Artificial intelligence
Robots could soon become more and more human iStock

Researchers at the Huazhong University of Science and Technology in China have taken inspiration from a jellyfish to develop a type of artificial skin that reacts to "pain" by glowing. This skin could be used in fields such as robotics and prosthetics, say its creators.

According to the team, the skin works by mimicking the pressure-sensing function of biological skin. Their research paper also mentions that artificial skins usually work "based on single response mode for pressure sensing". What that means is that artificial skins, while good at sensing if there is pressure, do not do well beyond a certain pressure threshold. They are like switches that register pressure, but cannot really feel how much of it is being applied.

Artificial skins easily get damaged because of the lack of sensitivity beyond a certain point. Biological skin, however, can not only detect the presence of a touch, but can actually feel when the pressure increases or decreases by using pain receptors. If translated to robots and prosthetics, it could serve as a more reliable way for machines to handle sensitive operations such as surgeries that are delicate and require many years of training for humans.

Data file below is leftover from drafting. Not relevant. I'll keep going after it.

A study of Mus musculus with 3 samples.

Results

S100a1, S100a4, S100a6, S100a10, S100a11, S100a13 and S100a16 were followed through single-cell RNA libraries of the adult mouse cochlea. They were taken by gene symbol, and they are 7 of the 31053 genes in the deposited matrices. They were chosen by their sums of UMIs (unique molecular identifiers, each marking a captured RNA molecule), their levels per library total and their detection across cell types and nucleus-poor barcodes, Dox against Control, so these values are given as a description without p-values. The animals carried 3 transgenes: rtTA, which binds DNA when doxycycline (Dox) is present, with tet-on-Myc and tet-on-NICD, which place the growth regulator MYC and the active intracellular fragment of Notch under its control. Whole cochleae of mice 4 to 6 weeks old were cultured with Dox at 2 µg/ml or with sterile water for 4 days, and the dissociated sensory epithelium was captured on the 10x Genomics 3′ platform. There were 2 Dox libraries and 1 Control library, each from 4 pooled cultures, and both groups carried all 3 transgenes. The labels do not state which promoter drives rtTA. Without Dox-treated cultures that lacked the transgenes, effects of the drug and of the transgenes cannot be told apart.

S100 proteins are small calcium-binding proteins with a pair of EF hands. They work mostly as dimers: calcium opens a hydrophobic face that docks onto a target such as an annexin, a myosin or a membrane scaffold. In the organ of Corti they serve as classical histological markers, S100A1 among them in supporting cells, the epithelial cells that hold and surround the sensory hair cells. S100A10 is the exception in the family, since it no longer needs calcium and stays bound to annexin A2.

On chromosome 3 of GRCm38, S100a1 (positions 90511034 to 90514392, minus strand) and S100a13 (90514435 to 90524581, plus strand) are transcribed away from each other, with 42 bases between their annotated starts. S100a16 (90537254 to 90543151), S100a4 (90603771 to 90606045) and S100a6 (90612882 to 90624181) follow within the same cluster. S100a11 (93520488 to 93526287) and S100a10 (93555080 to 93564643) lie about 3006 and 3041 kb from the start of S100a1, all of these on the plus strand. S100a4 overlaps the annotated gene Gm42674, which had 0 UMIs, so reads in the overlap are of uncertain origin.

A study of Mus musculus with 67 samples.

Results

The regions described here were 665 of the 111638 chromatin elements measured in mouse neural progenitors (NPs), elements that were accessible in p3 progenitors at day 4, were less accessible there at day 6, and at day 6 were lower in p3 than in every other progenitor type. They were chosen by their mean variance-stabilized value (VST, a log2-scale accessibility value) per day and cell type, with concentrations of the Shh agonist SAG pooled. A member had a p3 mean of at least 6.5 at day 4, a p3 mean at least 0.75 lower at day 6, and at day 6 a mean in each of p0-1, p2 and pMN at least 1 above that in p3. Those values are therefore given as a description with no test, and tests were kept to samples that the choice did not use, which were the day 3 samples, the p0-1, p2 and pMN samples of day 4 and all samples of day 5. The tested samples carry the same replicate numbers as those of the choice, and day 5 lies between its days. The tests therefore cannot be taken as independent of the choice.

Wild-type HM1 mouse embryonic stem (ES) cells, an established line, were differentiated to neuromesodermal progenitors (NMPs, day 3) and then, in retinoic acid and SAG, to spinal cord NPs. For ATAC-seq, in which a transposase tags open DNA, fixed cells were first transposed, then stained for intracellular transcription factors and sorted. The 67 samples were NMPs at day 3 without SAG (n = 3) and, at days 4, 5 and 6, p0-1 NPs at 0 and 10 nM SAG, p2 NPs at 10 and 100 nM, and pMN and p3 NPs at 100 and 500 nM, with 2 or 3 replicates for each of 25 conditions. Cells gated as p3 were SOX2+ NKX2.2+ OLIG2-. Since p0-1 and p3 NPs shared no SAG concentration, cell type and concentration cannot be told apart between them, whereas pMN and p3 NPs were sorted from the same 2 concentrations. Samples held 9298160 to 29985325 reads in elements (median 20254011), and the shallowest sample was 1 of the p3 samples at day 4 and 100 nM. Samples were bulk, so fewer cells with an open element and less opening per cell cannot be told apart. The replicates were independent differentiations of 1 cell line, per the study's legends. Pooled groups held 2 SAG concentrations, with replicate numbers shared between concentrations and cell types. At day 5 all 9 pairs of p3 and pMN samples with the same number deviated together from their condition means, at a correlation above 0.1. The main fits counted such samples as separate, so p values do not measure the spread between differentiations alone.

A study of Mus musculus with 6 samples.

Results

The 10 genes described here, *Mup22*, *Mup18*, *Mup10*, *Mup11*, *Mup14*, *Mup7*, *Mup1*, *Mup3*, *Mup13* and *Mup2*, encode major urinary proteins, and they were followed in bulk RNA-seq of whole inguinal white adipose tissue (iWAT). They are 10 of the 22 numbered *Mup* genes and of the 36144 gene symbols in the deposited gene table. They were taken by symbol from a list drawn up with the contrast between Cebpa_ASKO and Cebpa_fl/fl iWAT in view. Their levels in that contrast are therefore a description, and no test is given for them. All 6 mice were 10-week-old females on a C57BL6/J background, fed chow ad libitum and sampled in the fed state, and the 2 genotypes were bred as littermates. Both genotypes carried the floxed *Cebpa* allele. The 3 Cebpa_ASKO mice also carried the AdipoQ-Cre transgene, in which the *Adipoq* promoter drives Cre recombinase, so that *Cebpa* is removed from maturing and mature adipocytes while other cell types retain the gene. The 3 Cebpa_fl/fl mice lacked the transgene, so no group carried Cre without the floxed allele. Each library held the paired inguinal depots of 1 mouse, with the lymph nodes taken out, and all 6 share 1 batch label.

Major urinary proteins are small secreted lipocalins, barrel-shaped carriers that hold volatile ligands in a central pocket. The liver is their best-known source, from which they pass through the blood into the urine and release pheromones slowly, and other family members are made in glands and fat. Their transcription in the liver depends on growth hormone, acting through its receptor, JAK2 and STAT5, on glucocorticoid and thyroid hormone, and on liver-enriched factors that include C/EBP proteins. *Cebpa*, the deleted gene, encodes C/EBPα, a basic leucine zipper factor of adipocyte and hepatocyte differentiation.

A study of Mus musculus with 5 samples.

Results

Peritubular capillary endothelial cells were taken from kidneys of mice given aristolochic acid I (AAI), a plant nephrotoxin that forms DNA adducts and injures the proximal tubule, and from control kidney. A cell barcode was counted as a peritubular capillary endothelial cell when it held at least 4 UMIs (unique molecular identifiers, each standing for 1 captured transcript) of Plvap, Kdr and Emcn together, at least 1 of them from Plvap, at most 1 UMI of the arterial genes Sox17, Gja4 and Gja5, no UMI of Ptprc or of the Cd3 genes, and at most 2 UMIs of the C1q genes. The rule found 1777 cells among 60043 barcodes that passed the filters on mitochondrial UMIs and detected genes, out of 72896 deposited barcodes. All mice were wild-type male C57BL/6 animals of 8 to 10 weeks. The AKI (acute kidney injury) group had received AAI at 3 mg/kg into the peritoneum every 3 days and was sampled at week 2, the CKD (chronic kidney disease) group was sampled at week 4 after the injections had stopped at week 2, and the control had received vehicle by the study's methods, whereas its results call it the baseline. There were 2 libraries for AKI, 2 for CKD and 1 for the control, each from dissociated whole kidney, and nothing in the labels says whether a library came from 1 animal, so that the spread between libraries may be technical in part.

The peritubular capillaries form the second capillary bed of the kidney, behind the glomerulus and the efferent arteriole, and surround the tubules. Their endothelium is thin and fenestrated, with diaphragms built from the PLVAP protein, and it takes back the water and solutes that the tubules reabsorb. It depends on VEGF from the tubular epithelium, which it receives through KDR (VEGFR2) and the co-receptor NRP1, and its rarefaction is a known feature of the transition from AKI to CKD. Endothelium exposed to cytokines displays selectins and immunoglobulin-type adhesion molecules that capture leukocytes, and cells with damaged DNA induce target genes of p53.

The team took inspiration from the Atolla jellyfish, which is a kind of jellyfish that emits bright flashes of light when under threat.

To create this illusion of pain sensitivity, the team developed a material that can produce an electric signal when stretched by interlaying silver wires within the stretchy skin. They added a layer of phosphors – particles that can luminesce – between layers of the skin, according to a report in Engadget.

The team was able to create a skin that readily displayed how much "pain" it is going through with a wide range of pressure. The pressure sensitivity and the way it lights up can be fine-tuned to mimic the way humans feel pain. The skin can actually create a visual representation of pain, notes the report.

This skin opens up potential for human-robot interfaces that were until now limited in scope, notes the report.

The study is published in the journal American Chemical Society (ACS).